WHEN it comes to planning the Canberra International Music Festival, artistic director Roland Peelman wants to have his Sachertorte and eat it.
For he has no intention of being straitjacketed by whatever title he puts to the festival, so that the 2021 motif, “The Idea of Vienna”, will be balanced by a formidable program of indigenous Australian music performed on each day of the event.
To be sure, as the program reads, Vienna is “the city where Schubert and Strauss were born. The place where Haydn, Mozart and Beethoven made history. The opera house that Mahler transformed for the 20th century. The circles where Schoenberg foreshadowed the tragedy of two world wars”.
Or as Hungarian writer Sándor Márai put it, “Saying the word ‘Vienna’ was like striking a tuning fork and then listening to find what tone it called forth in the person I was talking to”.
“The idea of Vienna is about whatever you want,” the disarmingly unconventional Peelman tells me over lunch.
“Music is whatever you want it to be; whatever you want to hear in it”.
So much so that in a Jesuitical twist, he writes, “If taking you to Vienna may appear strange in current circumstances, remember, in a roundabout kind of way, the journey magically crosses the very heart of Australia.
“The beauty of music is that it is abstract, which is why we can all share it.
“And the idea of Vienna can take in a wide variety of cultural expressions – theatre, designers, turn of the [19th to 20th] century changes in thinking, Freudian psychology and in music, the collapse of the tonal system”.
Vienna is, it seems, all things to all people.
It’s also a city where you could meet almost anyone. One author wrote, “If you walk into a coffee shop in 1903 Vienna, you might find at the same table the artist Gustav Klimt, Sigmund Freud, Leon Trotsky and possibly Adolf Hitler, who lived in Vienna at the same time”.
“The streets of Vienna are paved with culture, the streets of other cities with asphalt,” Austrian satirist Karl Kraus wrote.
“I’ll dance with you in Vienna,” Leonard Cohen sang.
“Vienna, City of My Dreams” the 1914 song went, but Vladimir Nabokov wrote, “I don’t want an elderly gentleman from Vienna with an umbrella inflicting his dreams upon me”.
Peelman, unlike Nabokov, will happily embrace that elderly gentleman, Sigmund Freud, in the May 5 concert called “Night and Dreams”, a program including Schoenberg’s “Transfigured Night” and HK Gruber’s “Frankenstein!!”
Neither Mozart nor Beethoven were born in Vienna, but they both moved there and are both handsomely represented in the 2021 festival.
Bearing in mind that Ludwig van Beethoven’s 250th birthday party last year was a bit of a fizzer, Peelman has programmed a special breakfast series, “A Bit of Beethoven”, that is almost booked out. Over five mornings during the festival, 25 “bits” by Australia’s favourite composer will be performed over a bite of breakfast, and Canberra-raised musicians, violinist Kristian Winther and flautist Sally Walker, will be on the menu.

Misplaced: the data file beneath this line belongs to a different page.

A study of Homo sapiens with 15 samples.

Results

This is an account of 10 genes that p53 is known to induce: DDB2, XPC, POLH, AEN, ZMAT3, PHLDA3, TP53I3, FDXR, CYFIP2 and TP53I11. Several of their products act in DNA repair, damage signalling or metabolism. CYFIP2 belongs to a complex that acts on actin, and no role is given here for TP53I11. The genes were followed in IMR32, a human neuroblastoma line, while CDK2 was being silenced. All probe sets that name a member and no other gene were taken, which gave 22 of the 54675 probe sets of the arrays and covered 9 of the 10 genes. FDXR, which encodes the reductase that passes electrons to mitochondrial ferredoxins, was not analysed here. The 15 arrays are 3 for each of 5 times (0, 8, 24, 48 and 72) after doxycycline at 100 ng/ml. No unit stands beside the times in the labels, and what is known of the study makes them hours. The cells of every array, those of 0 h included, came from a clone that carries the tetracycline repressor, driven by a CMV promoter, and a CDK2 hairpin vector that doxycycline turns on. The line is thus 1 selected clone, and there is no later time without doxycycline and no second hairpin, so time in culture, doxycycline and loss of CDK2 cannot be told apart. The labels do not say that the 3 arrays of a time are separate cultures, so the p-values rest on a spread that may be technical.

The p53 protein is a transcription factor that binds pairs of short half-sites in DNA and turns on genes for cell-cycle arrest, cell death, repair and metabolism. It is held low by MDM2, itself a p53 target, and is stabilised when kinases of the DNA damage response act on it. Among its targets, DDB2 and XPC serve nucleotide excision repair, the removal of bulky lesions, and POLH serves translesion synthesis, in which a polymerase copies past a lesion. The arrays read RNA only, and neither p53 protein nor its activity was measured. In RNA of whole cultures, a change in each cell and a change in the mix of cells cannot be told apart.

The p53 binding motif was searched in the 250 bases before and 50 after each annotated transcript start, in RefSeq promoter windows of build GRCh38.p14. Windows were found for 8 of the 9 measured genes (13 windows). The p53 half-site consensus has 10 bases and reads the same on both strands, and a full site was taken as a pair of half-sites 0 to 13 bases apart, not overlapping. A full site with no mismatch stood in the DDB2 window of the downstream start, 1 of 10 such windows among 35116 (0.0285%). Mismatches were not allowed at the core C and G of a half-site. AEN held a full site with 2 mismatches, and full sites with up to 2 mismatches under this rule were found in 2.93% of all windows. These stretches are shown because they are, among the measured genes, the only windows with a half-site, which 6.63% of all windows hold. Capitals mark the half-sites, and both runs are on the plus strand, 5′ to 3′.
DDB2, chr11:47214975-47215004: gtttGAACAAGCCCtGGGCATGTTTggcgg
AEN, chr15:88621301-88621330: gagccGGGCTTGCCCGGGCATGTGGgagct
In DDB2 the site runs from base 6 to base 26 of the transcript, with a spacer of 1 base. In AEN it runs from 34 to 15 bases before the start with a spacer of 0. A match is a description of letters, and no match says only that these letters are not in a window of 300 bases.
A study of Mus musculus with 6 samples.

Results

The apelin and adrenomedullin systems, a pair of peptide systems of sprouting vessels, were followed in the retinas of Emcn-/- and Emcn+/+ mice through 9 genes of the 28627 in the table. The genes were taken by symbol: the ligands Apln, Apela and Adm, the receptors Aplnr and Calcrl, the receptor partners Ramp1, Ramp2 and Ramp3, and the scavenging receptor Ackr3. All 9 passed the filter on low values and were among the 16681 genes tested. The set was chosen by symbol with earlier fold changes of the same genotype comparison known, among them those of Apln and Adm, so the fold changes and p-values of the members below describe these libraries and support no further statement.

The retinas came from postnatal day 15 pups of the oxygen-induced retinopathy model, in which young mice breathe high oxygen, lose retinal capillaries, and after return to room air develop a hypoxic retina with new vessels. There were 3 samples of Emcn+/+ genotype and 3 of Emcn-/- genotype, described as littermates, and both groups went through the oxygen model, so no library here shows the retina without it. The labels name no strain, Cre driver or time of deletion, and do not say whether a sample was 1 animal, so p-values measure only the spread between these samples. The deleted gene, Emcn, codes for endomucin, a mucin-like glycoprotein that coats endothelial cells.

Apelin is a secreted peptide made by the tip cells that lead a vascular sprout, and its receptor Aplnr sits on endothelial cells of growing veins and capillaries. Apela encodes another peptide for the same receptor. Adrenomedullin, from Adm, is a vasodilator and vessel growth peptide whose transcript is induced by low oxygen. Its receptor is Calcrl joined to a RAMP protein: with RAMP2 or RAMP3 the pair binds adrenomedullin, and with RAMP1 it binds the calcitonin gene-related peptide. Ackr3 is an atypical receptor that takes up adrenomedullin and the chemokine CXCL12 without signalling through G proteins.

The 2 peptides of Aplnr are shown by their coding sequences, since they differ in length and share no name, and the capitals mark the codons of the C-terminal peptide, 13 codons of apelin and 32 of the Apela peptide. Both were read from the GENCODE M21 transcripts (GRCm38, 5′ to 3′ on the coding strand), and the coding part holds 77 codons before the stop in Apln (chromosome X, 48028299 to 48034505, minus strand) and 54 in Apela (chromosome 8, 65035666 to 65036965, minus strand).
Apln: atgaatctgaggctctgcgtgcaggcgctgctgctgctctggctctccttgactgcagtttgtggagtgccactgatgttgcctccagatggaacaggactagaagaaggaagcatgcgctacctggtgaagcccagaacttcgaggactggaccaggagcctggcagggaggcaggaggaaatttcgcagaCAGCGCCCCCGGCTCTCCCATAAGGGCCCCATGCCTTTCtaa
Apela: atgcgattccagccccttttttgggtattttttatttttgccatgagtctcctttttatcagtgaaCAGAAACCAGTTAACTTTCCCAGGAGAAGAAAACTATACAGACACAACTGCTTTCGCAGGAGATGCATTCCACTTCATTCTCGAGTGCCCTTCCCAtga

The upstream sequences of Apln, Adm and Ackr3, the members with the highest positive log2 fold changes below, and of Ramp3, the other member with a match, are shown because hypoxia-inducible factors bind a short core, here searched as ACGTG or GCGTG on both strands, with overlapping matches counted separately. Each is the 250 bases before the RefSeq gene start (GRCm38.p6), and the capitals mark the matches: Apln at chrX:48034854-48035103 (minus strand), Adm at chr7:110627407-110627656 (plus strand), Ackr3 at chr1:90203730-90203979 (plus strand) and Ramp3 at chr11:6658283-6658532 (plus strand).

While Vienna was always a city of innovation, Peelman says, there was a reactionary strand alongside the progressive.
“It’s a paradox,” he says, but a paradox that Vienna‘s population took to like ducks to water so that it became the most forward-thinking of European cities.
As well, he points out that it’s a city at the crossroads between the north and south, east and west.
“The Ottoman Empire was within earshot”, he says, and to that end, Peelman has programmed a program of traditional Sufi music as well, of course, as Mozart‘s famous Sonata ‘Alla Turca’ K 331, to be played by Canberra pianist Edward Neeman.
“It’s a city where so much was articulated and undermined, where, for instance, philosopher Ludwig Wittgenstein pulled the rug from underneath the comfortable philosophical establishment.
Peelman, too, is pulling the rug from under the feet of conservative music goers in this festival which he describes as “a proud showcase of Australian music – we are not short of great artists”.
At its heart is what he calls “a big focus on indigenous music – putting First Nations artists first”.
Yuwaalaraay woman, Nardi Simpson, will be performing on a possum-skin instrument in “Possum Song” in “Hand to Earth” at the NGA on May 2.
Then on May 8, didgeridoo, voice and guitar artist William Barton and his partner, the virtuosic violinist Veronique Serret, will perform “Heartland”, one of the hits of the Sydney festival but originally commissioned by CIMF in 2019.
“What started as a small duet for the 2019 festival has since become a fully-fledged major work, an invitation into landscape, culture, language and country,” Peelman says.
At the back of his mind is the fact that the 2020 event was cancelled. Well, not quite – he did curate a mini digital festival.
Nonetheless, Peelman has taken advantage of the restrictions on international travel to focus on Australian artists.
And it gets “a little offbeat, but so damn good”, as he says. In the “Sessions@Verity” strand, Canberra’s downtown Verity Lane Market will host artists as varied as Filipino and Aboriginal rapper Dobby, Josh Cohen and his Radiohead songbook and saxophonist/composer Sandy Evans.
“You can’t take the ‘I’ out of CIMF, but I thought we could put together an international festival using Australian artists,” he says.
“In any case, the whole idea of Vienna means turning the tables, looking at the west, at Vienna, from this side of the world.”